September 15, 2012

Judi Huck

I moved. Not to nearby Hoboken, somewhere else.

In New Jersey (where I used to live), I would do laundry in the basement of our apartment building.

Language Barriers at the Neighborhood Laundromat

Today was the first day I did laundry in Manhattan again, dropping off a load-and-a-half at a laundromat two blocks away.

When I returned for pickup, the attendant couldn’t easily find my bag. She was a middle-aged Asian woman, possibly Chinese – as in Chinese laundry.

Trying to be of help, I said to her, “It’s the orange one.”

At first it seemed like she didn’t hear me, so I said it louder. But when she kept fumbling around and trying to match receipt numbers and turning over black laundry bags, I realized – she didn’t know her colors. I’m not sure how much English she knew, actually.

I thought for a moment…how was I going to explain a color to her? How *does* one explain colors? For the time being, I had forgotten about my iPhone and the ability to use things like Google translate to try and help me. Although, I’m not so sure that typing “orange” would have necessarily emitted the correct response. (Which orange – what if the program thought I meant the fruit?!)

I looked around and fairly quickly noticed a ruler that was orange. In fact, almost the exact orange as my laundry bag. I’m not sure why they had a ruler on their counter near the cash register. It didn’t appear to be in use, it just sorta looked like it was hanging out there.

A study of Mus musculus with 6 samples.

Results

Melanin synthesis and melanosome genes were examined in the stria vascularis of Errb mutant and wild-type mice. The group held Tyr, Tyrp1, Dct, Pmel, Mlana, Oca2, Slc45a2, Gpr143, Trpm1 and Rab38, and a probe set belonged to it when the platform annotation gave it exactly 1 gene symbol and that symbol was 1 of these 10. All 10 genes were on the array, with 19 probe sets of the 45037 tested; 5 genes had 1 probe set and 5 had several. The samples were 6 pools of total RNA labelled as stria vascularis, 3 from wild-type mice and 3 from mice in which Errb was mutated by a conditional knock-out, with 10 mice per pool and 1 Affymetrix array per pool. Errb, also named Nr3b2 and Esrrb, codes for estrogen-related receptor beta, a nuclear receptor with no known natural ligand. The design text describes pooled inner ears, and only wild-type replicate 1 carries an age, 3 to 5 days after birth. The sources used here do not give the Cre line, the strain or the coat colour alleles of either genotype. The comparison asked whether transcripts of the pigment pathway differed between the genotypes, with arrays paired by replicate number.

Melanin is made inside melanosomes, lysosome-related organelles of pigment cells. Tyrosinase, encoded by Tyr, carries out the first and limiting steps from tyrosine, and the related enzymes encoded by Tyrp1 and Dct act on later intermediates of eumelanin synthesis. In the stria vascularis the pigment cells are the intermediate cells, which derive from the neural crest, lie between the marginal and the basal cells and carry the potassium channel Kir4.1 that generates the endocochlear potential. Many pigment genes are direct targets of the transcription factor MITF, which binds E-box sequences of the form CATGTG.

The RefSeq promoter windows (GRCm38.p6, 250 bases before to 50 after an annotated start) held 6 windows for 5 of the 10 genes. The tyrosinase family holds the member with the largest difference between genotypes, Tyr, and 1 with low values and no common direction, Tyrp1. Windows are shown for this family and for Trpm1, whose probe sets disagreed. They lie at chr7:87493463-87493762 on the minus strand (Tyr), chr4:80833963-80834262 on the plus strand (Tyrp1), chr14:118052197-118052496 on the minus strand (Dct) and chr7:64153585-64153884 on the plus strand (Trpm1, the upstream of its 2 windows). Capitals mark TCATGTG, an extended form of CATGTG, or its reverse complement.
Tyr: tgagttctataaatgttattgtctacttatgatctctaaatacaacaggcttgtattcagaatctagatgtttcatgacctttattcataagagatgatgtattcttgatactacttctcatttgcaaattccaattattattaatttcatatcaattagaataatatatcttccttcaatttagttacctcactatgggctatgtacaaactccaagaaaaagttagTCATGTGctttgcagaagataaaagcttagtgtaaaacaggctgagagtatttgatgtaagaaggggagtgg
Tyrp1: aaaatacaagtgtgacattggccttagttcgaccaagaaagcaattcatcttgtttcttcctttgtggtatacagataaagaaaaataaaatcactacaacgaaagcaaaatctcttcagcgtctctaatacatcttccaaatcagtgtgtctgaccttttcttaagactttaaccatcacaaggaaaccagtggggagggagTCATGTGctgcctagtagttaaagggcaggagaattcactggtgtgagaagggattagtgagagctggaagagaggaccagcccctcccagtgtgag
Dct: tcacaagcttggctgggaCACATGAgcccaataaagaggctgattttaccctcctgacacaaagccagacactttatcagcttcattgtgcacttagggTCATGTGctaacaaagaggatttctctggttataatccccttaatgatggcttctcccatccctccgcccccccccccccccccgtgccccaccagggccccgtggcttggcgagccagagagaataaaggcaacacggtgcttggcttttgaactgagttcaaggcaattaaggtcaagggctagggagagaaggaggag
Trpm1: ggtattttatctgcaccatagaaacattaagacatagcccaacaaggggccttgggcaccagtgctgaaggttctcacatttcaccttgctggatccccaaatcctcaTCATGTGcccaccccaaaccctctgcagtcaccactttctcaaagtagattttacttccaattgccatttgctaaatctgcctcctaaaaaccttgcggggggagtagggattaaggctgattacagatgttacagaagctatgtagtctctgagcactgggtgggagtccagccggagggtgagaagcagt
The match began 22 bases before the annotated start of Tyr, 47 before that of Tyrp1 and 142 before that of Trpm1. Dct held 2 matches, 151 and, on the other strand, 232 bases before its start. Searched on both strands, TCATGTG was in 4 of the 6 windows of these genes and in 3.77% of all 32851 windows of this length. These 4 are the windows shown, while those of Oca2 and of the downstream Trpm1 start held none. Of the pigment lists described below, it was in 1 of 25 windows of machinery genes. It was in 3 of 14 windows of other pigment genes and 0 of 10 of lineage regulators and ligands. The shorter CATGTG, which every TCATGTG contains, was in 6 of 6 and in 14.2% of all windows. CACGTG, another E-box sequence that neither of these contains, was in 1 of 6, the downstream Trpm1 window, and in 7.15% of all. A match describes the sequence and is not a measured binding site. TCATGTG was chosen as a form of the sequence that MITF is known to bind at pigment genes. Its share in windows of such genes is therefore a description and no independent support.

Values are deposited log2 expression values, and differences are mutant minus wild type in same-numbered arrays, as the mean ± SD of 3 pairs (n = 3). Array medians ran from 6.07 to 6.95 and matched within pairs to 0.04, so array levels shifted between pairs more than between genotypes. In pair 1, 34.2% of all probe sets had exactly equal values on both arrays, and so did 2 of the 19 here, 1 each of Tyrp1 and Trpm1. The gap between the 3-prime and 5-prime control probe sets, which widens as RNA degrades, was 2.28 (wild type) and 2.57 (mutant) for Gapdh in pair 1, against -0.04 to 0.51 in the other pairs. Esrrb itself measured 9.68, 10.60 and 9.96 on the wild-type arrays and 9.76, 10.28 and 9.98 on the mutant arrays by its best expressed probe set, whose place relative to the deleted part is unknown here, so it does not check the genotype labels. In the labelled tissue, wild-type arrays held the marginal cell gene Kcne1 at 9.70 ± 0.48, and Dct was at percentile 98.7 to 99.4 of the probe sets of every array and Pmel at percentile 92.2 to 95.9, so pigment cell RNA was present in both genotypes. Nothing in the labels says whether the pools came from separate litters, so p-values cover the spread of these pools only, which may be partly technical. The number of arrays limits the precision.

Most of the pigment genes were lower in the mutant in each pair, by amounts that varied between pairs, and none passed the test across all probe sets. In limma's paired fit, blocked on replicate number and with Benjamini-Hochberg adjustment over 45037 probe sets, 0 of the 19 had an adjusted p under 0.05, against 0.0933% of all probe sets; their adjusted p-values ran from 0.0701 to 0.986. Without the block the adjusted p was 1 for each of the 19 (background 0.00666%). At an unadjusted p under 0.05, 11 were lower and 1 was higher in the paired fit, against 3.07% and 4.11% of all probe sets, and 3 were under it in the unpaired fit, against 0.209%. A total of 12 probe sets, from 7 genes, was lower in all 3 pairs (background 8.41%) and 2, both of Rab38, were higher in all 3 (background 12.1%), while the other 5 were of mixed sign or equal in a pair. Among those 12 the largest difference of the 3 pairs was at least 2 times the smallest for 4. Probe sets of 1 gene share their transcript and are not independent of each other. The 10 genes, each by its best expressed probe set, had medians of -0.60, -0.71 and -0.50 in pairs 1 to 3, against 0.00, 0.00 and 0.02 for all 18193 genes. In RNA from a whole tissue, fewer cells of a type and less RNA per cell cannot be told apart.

I picked up the ruler with my right hand. With my left, I slowly stroked the surface. “Orange,” I said to her again. Swiping the plastic ruler up and down, I repeated, “Orange.”

It was my attempt to get her to pay attention to a small load-and-a-half bag in the corner. I was pretty sure it was my bag and that she was looking over it. I thought it would have been harder to try and explain the concept of “corner.” Perhaps. But perhaps not.

In any event, she got it. Soon after she realized what I was trying to communicate to her, reached far back into the corner, matched my bag with my receipt number and presented it to me.

Beyond Prejudice

Judi Huck beyond prejudice

 

Image Brianna Diane

To me, this little laundry incident far extended the laundry. It was about tolerance. It was about what it means to be in New York, a melting pot of languages, ethnicities, cultures and religions. It was about the common themes that unite us all – our shared humanity.

Yet it reminded me of a negative event I witnessed at the New York Public Library last week. A black man raised his voice at another in the main reading room. He cursed something to the effect of, “We don’t want none of that here. Go back to Korea with that!” It was aimed at an Asian man, clearly, and was very shocking to witness. In the library, of all places!

I said nothing to defend the Asian man, only thought to myself – We were all immigrants at some point. And then I was sad to see such acts of prejudice unfolding before me.

Now, in the comfort of my home, and on my fresh, clean bed sheets I think….So long as we don’t try to understand each other and make honest efforts to communicate openly – regardless of the obstacles that separate us, and in spite of all our differences – unfortunately there can be little progress.

A world without progress is not a world I want to live in.